In November this year, the Japanese pharmaceutical firm Takeda inaugurated its first dengue vaccine manufacturing plant in Singen, Germany. The Singen vaccine plant ultimately aims to offer end-to-end production of the vaccine, including formulation, fill, finish and secondary packaging of the current Takeda dengue vaccine candidate. This plant is located on the premises of one out of 34 production sites of Takeda’s extensive network in 20 different countries serving a wide range of products across numerous fields including oncology, gastroenterology, rare diseases and neuroscience.

Takeda has invested some 130 million euros in this project, which will employ over 200 staff in the vaccine manufacturing process. This site was selected based on the substantial experience of site employees in liquid and semi-solid dosage forms, including lyophilization technology (freeze drying) which will be essential to the manufacturing of Takeda’s dengue vaccine candidate. Singen is an industrial city in the very south of Baden-Württemberg in southern Germany and near the German-Swiss border, with a strong heritage in manufacturing and industry.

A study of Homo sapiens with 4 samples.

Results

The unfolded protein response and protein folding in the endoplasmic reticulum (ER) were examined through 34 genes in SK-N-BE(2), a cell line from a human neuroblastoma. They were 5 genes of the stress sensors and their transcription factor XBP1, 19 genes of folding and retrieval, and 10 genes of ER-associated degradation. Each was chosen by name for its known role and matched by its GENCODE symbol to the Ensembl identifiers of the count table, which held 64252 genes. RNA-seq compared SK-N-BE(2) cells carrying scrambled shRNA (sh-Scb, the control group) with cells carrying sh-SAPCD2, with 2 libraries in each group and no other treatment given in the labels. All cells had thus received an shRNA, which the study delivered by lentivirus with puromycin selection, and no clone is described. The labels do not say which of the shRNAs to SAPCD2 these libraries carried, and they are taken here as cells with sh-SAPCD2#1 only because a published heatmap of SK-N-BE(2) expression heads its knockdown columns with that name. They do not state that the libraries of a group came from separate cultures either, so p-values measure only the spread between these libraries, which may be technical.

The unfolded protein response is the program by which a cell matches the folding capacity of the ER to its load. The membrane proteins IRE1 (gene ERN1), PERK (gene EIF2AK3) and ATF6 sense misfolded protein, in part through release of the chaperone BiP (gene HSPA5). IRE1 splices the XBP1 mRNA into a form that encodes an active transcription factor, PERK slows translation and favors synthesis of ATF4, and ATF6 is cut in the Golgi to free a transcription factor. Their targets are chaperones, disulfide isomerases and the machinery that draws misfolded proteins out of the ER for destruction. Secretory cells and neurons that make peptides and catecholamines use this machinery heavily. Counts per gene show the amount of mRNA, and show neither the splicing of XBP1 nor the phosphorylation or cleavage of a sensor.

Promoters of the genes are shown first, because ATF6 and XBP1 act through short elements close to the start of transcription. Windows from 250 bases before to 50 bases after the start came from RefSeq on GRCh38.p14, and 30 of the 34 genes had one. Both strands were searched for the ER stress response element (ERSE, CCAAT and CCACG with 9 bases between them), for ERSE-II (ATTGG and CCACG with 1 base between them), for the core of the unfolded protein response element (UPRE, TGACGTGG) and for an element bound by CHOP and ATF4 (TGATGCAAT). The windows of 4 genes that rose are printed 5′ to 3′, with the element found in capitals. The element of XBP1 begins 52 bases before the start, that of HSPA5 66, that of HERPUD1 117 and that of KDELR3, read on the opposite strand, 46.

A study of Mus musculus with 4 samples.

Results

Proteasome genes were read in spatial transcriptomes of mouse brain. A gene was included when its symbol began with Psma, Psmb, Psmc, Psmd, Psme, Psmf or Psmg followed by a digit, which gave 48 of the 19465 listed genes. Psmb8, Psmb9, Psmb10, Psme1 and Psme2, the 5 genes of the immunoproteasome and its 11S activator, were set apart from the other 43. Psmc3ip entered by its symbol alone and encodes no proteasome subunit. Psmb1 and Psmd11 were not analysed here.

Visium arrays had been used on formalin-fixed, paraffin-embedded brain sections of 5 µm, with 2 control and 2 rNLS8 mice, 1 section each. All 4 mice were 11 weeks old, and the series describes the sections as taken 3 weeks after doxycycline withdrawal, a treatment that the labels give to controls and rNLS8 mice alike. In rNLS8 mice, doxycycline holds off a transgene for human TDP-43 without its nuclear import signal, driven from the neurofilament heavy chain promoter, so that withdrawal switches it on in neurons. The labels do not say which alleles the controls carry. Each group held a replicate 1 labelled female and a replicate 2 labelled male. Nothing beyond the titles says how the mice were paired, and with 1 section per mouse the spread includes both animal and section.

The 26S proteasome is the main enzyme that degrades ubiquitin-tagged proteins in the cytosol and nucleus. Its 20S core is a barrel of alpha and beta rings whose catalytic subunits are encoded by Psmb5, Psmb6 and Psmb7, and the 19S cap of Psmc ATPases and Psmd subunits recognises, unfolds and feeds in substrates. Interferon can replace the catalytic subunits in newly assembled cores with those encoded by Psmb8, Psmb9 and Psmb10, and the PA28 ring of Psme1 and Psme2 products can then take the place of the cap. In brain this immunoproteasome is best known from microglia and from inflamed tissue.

There has been a substantial commitment to data-driven and digital approaches in the design and engineering of this manufacturing plant, combining a high degree of automation, real-time monitoring and Industry 4.0 approaches, with the ultimate aim of ensuring a high degree of assurance to the quality and consistency of the product delivered to patients from this facility.

At this point, production of packaging is ready at the Singen site, as Takeda awaits further licensure. Takeda’s current dengue vaccine candidate (TAK-003) is in phase-III trials and has been designed with the aim of protecting patients from all four serotypes of dengue .

In November, Takeda shared some very promising updates of the 12- and 18-month efficacy and safety data from the Tetravalent Immunization against Dengue Efficacy Study (TIDES) trial of its dengue vaccine candidate. Overall, these showed protection against dengue in children aged 4 to 16, regardless of previous dengue exposure, although some gaps remain in the protection against one of the four strains of dengue, namely dengue 3, particularly in those children who had previously never contracted any of the strains of dengue. The aggregated data showed that the vaccine appeared to be about 80% effective at preventing any dengue infections in vaccinated children 12 months after receiving the second dose of the vaccine, [WR1] and 73% effective 18 months after the second dose, regardless of previous exposure to dengue. The risk of hospitalization for dengue was reduced by 95% at the 12-months mark, and 90% after 18 months.

The gaps in protection against the dengue 3 strain and the lack of data on the dengue 4 strain, which was not widely present in the countries where the trials were conducted, need to be investigated further. Takeda is also developing a pipeline of vaccines to tackle other tropical and infectious diseases including Zika and norovirus.